PHILADELPHIA -- Every community has different needs, but poverty weaves a common thread that organizations are uniting to unravel.
Turning the Tide on Poverty is a regional initiative of the Southern Rural Development Center that works in 13 Southern states and is headquartered at Mississippi State University. As part of that effort, government agencies, community leaders and religious groups recently met in Neshoba County to advance the Strengthening Families and Communities Coalition.
Newton County Extension Director Susan Cosgrove, who is also an Extension family resource management area agent, said each county involved in the coalition has a core planning group.
Cosgrove said the support of Philadelphia Mayor James Young and Meridian Mayor Cheri Barry has been instrumental in uniting communities to address poverty.
“We need to join complementary efforts and avoid duplication among all the agencies trying to address poverty,” Cosgrove said. “Many organizations are trying to improve educational needs, reduce teen pregnancy or help with financial literacy. We need to be aware of those efforts and support them to maximize resources.”
Neshoba County native Keith Parker, a sociologist from the University of Georgia, is working with the coalition to help communities address health and wellness.
“One goal is to improve the physical and mental health of our citizens,” Parker said. “We want to improve their financial well-being by taking advantage of existing resources. We are all in this together. As we improve things on the local level, it carries over to the state and national levels as well.”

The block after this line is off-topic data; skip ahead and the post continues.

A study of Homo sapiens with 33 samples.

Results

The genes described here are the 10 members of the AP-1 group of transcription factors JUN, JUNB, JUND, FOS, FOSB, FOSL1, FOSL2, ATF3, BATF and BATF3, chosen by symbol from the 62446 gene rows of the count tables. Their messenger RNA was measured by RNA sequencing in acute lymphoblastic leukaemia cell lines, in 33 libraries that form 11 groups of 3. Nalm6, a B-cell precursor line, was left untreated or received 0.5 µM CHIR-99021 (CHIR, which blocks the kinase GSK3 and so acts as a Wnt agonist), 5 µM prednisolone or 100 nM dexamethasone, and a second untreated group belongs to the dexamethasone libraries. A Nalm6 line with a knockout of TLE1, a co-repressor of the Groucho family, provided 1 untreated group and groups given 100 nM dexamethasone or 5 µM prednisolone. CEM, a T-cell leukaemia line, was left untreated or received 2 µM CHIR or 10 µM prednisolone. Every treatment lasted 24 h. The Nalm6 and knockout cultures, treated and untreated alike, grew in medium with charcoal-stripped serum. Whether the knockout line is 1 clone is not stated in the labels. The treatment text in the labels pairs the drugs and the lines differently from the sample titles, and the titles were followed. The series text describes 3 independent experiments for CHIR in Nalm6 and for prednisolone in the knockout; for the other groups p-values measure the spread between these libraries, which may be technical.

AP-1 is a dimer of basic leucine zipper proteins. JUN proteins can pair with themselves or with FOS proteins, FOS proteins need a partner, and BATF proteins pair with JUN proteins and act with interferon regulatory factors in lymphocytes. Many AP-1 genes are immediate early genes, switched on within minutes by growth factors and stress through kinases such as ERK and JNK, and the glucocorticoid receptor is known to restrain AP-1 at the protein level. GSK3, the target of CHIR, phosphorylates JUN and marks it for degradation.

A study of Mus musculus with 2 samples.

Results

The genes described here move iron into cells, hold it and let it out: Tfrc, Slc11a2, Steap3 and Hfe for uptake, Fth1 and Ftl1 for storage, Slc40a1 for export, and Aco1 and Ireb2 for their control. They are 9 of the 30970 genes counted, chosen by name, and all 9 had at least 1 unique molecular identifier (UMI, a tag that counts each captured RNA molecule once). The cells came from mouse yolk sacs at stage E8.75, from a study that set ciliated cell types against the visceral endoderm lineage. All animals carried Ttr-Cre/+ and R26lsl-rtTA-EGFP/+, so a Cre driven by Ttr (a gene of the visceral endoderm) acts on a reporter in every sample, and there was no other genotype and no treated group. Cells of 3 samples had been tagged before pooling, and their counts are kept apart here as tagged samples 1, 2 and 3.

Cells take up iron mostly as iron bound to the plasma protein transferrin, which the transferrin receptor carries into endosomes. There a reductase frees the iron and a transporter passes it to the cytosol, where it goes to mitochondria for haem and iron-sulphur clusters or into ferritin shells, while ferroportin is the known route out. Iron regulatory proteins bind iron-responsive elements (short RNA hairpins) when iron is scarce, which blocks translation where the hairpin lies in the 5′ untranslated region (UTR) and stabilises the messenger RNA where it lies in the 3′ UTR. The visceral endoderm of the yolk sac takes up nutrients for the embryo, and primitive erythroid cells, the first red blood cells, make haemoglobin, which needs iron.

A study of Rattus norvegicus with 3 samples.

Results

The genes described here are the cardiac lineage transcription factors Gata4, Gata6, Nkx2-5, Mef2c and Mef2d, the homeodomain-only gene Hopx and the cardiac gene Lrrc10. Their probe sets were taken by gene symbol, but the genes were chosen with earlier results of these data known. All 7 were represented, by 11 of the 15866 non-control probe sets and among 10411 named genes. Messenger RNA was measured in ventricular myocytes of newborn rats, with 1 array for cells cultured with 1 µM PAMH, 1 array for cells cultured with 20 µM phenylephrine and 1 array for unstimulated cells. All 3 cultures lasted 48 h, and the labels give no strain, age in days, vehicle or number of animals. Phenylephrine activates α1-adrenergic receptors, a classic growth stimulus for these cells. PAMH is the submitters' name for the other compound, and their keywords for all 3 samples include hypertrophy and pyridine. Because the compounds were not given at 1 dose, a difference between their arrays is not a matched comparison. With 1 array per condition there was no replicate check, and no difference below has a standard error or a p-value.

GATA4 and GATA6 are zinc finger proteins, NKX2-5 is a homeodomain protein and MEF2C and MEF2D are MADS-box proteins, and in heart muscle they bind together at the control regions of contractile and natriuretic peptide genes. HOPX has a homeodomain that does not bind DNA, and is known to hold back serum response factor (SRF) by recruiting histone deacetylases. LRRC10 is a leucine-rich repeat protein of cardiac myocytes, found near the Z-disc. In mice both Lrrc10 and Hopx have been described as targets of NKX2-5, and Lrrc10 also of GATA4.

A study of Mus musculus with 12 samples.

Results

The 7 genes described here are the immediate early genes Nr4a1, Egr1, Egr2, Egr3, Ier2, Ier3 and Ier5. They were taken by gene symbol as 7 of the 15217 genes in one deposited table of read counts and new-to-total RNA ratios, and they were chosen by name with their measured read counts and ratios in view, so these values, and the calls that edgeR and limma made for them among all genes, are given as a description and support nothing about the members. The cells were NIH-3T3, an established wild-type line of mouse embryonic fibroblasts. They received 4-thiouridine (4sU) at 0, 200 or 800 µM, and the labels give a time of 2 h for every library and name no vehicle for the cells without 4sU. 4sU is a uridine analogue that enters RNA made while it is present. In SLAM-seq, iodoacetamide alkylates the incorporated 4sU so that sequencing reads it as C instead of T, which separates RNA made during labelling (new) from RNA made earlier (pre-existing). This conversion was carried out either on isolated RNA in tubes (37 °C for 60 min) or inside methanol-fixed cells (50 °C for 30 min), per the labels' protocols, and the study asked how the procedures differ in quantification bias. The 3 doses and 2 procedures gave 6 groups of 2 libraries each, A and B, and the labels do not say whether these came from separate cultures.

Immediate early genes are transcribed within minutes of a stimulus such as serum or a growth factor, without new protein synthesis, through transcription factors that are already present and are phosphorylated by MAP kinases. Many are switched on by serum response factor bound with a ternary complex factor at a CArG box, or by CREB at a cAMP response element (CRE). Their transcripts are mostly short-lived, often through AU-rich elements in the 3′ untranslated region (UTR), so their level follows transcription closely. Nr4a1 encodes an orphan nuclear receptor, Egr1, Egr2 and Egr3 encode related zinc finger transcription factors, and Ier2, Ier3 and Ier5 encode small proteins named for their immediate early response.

Parker said volunteers are needed to lead efforts to address youth violence, health and wellness, economic development, financial issues, teen pregnancy, high school drop-out prevention and academic advancement.
Karen Benson, Extension family and child development area agent based in Neshoba County, said the coalition is finding a disconnect between agencies and the public.
“We need to find a way to bring the government agencies back in alignment with the people they serve,” she said. “Grassroots efforts can home in on local issues and achieve solutions sooner with far fewer state dollars spent than government at large.”
Benson said the rising teen pregnancy rate is a primary issue for the coalition.
“Currently, more than 30 teens from area high schools are meeting weekly in Philadelphia to discuss topics like apathy, peer pressure and misunderstandings in relationships, which are things that can lead teens to make poor decisions,” she said. “The local group wants to teach other teens to get involved in the community and become productive.”
Coalition members are meeting with the group to assist youth efforts and to discern how teen pregnancy prevention efforts can be more effective in Philadelphia.
Benson said Turning the Tide on Poverty in Neshoba County has evolved to a monthly core group that meets to promote health and prosperity with targeted efforts. The group is working to expand the local farmers’ market and promote more home gardens.
“One important idea learned in the study is that sustainable, healthy communities work to reduce poverty at all levels,” she said. “Poverty affects everyone because it eventually erodes the tax base, high school graduation rates, and economic growth and development.”